Why growing crops for food rather than energy in the Midwest can help mitigate climate change

February 18, 2014
Land use change (in hectares) for 14 U.S. Midwest states under a climate mitigation policy in a global integrated model. In their study, PNNL scientists determined that many agricultural management technologies can contribute to climate mitigation.

To examine agricultural and land use practices and their climate mitigation potential in a 14-state portion of the U.S. Midwest, PNNL scientists at the Joint Global Change Research Institute nested a high-resolution agricultural model, EPIC (Environmental Policy Integrated Climate), within PNNL's flagship integrated assessment model, GCAM (Global Change Assessment Model). Then, they used the combined system to analyze three alternative futures: one with no policy about climate change and two with different levels of climate mitigation policies. The results show that the ability of different regions to contribute to global climate change mitigation depends, in part, on the distinct biophysical characteristics of the land in each region. Nesting EPIC in GCAM also helped to show how different land use practices—for example, growing bioenergy crops or using alternative crop management practices—might contribute to climate change mitigation in a specific and globally important agricultural production region: the U.S. Midwest. Even in the future scenario with vigorous climate change mitigation policies, GCAM projects that the U.S. Midwest will remain an essential food crop production region, with limited adoption of bioenergy crops.

One of the biggest questions about policies is how various regions will be affected by different global policy actions, such as how a price on carbon would influence biofuel production and greenhouse gas emissions. In this study, the simulations show that intensification of food and feed crop production is the most effective contribution to climate mitigation for land in the U.S. Midwest. Other regions of the world, where food and feed may be less inherently profitable, are better suited to afforestation for carbon storage or production of bioenergy crops, from a climate mitigation perspective. By understanding these tradeoffs, policy makers can make more informed and sustainable agricultural and land use decisions. Furthermore, this work illustrates the viability and value of nesting models with higher spatial and technology resolution inside larger-scale models to examine regional responses to global climate mitigation policies and economic conditions.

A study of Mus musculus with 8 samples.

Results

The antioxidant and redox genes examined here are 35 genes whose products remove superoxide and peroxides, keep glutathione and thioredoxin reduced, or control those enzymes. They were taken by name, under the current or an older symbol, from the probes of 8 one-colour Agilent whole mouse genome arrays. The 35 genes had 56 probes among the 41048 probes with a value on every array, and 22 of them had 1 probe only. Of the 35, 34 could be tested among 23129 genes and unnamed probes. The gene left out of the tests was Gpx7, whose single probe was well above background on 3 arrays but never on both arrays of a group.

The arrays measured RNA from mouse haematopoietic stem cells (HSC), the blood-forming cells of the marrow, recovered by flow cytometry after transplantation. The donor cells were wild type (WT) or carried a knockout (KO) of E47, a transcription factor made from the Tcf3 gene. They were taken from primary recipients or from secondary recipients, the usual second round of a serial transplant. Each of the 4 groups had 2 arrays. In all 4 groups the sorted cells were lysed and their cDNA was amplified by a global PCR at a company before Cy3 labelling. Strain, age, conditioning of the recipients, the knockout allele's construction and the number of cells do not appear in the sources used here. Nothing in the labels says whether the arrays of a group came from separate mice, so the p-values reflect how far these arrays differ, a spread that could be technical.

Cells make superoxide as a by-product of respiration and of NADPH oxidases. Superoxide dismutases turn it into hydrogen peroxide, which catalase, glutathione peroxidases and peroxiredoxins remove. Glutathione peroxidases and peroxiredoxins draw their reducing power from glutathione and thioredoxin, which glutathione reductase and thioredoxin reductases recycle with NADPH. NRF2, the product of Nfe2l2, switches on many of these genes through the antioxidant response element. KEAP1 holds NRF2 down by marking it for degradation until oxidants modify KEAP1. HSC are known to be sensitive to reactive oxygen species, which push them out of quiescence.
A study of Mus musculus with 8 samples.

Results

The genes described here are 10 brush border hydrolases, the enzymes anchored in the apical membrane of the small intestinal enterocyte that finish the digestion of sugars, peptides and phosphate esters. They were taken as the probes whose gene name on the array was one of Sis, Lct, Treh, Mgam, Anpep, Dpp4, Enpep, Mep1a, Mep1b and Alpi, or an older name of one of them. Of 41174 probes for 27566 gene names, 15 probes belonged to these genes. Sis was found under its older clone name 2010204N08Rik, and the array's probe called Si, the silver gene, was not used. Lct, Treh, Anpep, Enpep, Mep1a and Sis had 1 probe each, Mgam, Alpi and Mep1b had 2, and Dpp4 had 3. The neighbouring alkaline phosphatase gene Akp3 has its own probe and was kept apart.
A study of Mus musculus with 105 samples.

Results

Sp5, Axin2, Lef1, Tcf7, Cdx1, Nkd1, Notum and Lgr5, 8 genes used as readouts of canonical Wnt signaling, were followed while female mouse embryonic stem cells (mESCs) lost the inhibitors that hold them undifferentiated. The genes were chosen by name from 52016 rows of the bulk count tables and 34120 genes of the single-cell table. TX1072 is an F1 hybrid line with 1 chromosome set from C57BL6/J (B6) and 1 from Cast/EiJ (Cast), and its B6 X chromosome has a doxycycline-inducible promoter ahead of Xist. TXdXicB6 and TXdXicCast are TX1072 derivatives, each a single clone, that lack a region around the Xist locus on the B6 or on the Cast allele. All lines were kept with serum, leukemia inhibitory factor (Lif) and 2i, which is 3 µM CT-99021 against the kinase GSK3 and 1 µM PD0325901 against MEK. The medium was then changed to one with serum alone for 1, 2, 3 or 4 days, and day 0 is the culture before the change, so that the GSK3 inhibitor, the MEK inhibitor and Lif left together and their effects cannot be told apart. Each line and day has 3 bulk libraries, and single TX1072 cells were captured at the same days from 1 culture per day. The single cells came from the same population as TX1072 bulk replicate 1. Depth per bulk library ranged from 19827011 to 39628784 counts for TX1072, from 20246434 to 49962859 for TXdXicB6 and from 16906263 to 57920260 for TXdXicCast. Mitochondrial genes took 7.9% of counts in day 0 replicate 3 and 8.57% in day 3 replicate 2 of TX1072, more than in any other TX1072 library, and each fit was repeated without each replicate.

To examine the possible future land use changes in the U.S. Midwest region resulting from global climate mitigation policies, the researchers acquired high-resolution data, involving land cover and agricultural production, crop management, and detailed soil profiles, to calibrate GCAM. The EPIC model also was used to simulate diverse crops and crop management practices to provide potential food and bioenergy crop yields for the GCAM calibration. Many crops and crop management practices were simulated, including major crops grown in rotation, no-tillage, and residue removal for bioenergy practices. Three climate scenarios were run: no policy, a mid-level climate forcing scenario, and an intensive mitigation policy designed to stabilize atmospheric radiative forcing at or below current values. To execute the approximately six million individual EPIC model runs across the 14-state region and multiple scenarios, the researchers used a parallel computing framework processed via a supercomputing cluster (Evergreen).

This work is one of several efforts to add spatial and temporal detail to GCAM and link it with detailed models of natural and human systems, which is a key goal of PNNL's Platform for Regional Integrated Modeling and Analysis (PRIMA) Initiative. The GCAM scenario results from this study can be downscaled for further use in many different vegetation, land surface, and climate models, as well as to re-run the EPIC model for future years to further analyze environmental impacts of a GCAM-projected land use change for the U.S. Midwest. In addition, EPIC can be run using future climate change projections to simulate the impacts of temperature and precipitation on crop yield and carbon storage. Thus, the system applied here also could be used to examine the interactions of climate impacts on crop production and economic drivers for mitigation from land use changes.

Explore further: Research shows how natural disturbances affect climate change response strategies

More information: Thomson AM, GP Kyle, X Zhang, V Bandaru, TO West, MA Wise, RC Izaurralde, and KV Calvin. In press. "The contribution of future agricultural trends in the US Midwest to global climate change mitigation." Global Environmental Change. Available online, Dec. 19, 2013. DOI: 10.1016/j.gloenvcha.2013.11.019.

The BS is endless!
The Shootist
3 / 5 (2) Feb 18, 2014
I don't give an tinker's damn about 'climate change' but I am in complete support of a ban on the use of arable land to grow crops for alcohol, to be used for fuel in transportation.

At least until everyone on the planet are as fat as they wanna be.
1 / 5 (2) Feb 21, 2014
From what I can tell, the only reason to produce (energy purposed) ethanol is to appease simple-minded enviro-heros.

Re ethanol: there is ZERO cost justification, it spawns big-time corporate welfare, and (I suspect) the carbon footprint per BTU is astronomical.

When it comes to emotionally-charged, intelligence-lacking environmentalists, economics and common sense is totally irrelevant.